Keeping your data safe is crucial for any small to medium-sized business. Back in the good old days when paperwork, ring binders and print outs were the norm, you wouldn’t have dreamed of leaving classified data lying around for all and sundry to see. Imagine the furor if you left a list of employee salaries lying face up on a desk. Think of the damage an employee with a grudge could do if they were able to flip through private files whenever they pleased. Now, just because your data is stored on your computers, servers and in the cloud, that doesn’t make it impenetrable. If anything it makes it available to absolutely anyone, anywhere, who has the desire and capabilities to hack into your system.
One thing you should be doing to protect your data – and your company – is to make use of privacy-protecting browser extensions. Depending on the nature of your business, both you and your employees are likely to be online at least some, if not all, of the working day. And that makes you vulnerable to attack. But what are some of the browser extensions that are out there?
If you don’t like the idea of a third party (reputable or otherwise) being able to track your browsing habits, try installing a tool which offers private browsing. These programs offer protection against tracking by blocking third party cookies as well as malware. Some extensions also boast secure Wi-Fi and bandwidth optimization and can guard against tracking and data collection from social networking sites such as Twitter, Facebook or Google+.
While online ads may seem harmless, the truth is that they can contain scripts and widgets that might send your data back to a third party. A decent ad blocking program will block banner, rollover and pop-up ads, and also prevent you from inadvertently visiting a site that is known to contain malware. Many blockers contain additional features such as the ability to disable cookies and scripts used by third-parties on a site, the option to block specific items, and even ‘clean up’ Facebook, and hide YouTube comments. The major blockers work with Google Chrome, Safari and Firefox and you’ll be able to find everything from user-friendly solutions to more advanced tools that are customizable down to the tiniest degree. Do be aware, however, that not configuring your ad blocker properly can cause websites to ‘break’, making them unusable.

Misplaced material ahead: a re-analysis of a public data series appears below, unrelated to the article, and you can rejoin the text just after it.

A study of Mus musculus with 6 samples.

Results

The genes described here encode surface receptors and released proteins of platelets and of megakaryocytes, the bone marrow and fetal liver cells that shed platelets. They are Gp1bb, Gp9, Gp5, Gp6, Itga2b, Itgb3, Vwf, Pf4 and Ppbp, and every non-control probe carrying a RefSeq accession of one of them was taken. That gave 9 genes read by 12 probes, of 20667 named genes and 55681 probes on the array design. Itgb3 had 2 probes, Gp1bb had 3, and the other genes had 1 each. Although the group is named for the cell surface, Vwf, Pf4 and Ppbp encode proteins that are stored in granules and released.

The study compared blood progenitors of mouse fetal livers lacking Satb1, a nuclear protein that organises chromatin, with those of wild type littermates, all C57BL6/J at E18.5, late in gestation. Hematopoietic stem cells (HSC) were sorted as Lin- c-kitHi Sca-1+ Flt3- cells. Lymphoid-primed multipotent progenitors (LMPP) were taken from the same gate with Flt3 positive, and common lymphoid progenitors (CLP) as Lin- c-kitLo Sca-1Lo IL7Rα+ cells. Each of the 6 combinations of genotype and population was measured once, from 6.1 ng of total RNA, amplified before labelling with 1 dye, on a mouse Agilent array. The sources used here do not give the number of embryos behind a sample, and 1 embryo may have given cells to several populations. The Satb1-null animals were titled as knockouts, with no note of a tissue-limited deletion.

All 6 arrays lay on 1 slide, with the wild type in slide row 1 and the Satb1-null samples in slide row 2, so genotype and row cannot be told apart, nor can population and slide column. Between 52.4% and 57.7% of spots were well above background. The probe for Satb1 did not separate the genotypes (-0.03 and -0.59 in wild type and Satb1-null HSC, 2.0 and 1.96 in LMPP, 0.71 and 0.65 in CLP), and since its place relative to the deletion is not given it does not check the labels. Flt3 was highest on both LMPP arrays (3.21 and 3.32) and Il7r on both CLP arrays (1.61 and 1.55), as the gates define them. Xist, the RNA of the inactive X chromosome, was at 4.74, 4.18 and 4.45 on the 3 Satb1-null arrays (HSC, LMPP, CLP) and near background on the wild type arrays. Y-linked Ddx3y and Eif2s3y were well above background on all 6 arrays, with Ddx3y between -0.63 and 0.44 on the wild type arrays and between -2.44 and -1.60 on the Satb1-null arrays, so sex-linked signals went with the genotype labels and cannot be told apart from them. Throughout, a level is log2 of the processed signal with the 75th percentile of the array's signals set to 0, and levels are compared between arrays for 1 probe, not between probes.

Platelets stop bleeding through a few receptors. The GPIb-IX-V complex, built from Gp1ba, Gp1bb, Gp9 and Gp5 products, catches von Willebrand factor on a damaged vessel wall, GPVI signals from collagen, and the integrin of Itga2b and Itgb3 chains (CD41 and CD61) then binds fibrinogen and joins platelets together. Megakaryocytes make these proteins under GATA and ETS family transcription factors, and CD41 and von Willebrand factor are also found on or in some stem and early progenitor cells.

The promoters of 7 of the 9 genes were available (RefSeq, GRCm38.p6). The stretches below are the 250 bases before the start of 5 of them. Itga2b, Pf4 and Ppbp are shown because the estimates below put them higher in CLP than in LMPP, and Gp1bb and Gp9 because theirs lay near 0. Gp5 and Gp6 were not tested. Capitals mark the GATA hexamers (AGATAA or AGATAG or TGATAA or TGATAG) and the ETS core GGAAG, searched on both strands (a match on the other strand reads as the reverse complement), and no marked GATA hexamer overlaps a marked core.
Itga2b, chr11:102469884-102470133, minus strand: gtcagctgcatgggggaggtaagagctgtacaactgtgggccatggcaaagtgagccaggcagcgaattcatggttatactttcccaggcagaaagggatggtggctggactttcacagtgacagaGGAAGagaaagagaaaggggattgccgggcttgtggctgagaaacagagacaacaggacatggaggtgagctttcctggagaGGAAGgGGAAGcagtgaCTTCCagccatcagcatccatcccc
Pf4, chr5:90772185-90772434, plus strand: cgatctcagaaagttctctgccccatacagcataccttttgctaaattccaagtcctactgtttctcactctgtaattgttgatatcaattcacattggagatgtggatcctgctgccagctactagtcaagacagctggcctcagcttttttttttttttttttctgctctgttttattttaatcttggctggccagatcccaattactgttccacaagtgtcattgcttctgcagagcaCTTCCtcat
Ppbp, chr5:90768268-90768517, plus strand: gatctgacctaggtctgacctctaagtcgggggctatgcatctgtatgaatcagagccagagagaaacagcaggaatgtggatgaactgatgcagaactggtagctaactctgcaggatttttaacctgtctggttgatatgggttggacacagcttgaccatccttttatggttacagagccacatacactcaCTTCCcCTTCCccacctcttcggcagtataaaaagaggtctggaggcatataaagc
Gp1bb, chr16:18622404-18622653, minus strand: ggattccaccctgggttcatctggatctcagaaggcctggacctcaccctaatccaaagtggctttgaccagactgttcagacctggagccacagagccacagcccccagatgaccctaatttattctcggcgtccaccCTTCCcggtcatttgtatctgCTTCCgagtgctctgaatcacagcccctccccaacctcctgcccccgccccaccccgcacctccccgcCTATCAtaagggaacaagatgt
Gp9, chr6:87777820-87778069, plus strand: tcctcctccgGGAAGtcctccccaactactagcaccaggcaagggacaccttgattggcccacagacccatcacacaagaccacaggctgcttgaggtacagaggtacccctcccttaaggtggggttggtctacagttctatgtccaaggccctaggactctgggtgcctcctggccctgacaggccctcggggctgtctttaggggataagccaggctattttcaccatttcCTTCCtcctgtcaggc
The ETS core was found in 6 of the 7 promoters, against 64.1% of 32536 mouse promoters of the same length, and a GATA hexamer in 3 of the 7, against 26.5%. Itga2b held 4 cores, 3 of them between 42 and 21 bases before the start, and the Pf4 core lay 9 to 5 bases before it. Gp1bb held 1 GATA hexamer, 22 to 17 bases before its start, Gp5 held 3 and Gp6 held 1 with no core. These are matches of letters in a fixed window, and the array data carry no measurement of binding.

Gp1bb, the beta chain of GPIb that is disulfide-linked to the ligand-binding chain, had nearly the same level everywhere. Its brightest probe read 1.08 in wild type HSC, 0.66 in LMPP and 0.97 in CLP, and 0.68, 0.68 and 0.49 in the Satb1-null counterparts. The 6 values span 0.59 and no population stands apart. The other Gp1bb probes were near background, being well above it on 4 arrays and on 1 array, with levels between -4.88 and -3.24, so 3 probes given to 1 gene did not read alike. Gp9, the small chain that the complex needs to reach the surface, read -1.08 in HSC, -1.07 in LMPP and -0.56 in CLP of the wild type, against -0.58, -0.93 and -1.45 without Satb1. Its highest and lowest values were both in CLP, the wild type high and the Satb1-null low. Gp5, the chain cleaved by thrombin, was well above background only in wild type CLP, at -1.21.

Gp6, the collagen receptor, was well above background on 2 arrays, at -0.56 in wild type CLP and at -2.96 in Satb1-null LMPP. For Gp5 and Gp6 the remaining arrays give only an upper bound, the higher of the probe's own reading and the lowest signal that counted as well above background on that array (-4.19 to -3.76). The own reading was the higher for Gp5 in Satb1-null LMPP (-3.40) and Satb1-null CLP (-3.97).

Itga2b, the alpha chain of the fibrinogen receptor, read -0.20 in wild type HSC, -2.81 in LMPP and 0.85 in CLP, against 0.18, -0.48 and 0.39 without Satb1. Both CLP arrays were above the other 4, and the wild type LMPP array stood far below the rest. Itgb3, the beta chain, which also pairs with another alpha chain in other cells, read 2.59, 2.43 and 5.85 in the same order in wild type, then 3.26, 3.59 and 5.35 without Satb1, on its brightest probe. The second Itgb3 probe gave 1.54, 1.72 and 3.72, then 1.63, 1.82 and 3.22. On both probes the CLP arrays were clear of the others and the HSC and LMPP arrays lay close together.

Unfortunately browser tracking, malware and adware are not the only Internet nasties that you need to be concerned about, but the good news is that there a number of other extensions that you can download to really get a grip on your online safety. A VPN (Virtual Private Network) is something else to consider. VPNs encrypt your Internet traffic, effectively shutting out anyone who may be trying to see what you’re doing. Commonly used in countries such as China where the Internet is heavily censored by the powers that be, a VPN allows for private browsing as well as enabling users to access blocked sites – in China’s case that’s anything from blogs criticizing the government to Facebook and Instagram. There are a huge number of VPNs on the market so do a little research and find one that suits you best.
Finally, it goes without saying that having anti-virus and anti-malware software installed on your PC, tablet and even your smartphone is crucial if you want to ensure your online safety.
If you’d like to know more about staying safe on the Internet or would like to schedule a security assessment for your company, get in touch with us today.
Published on 12th January 2016 by Jeanne DeWitt.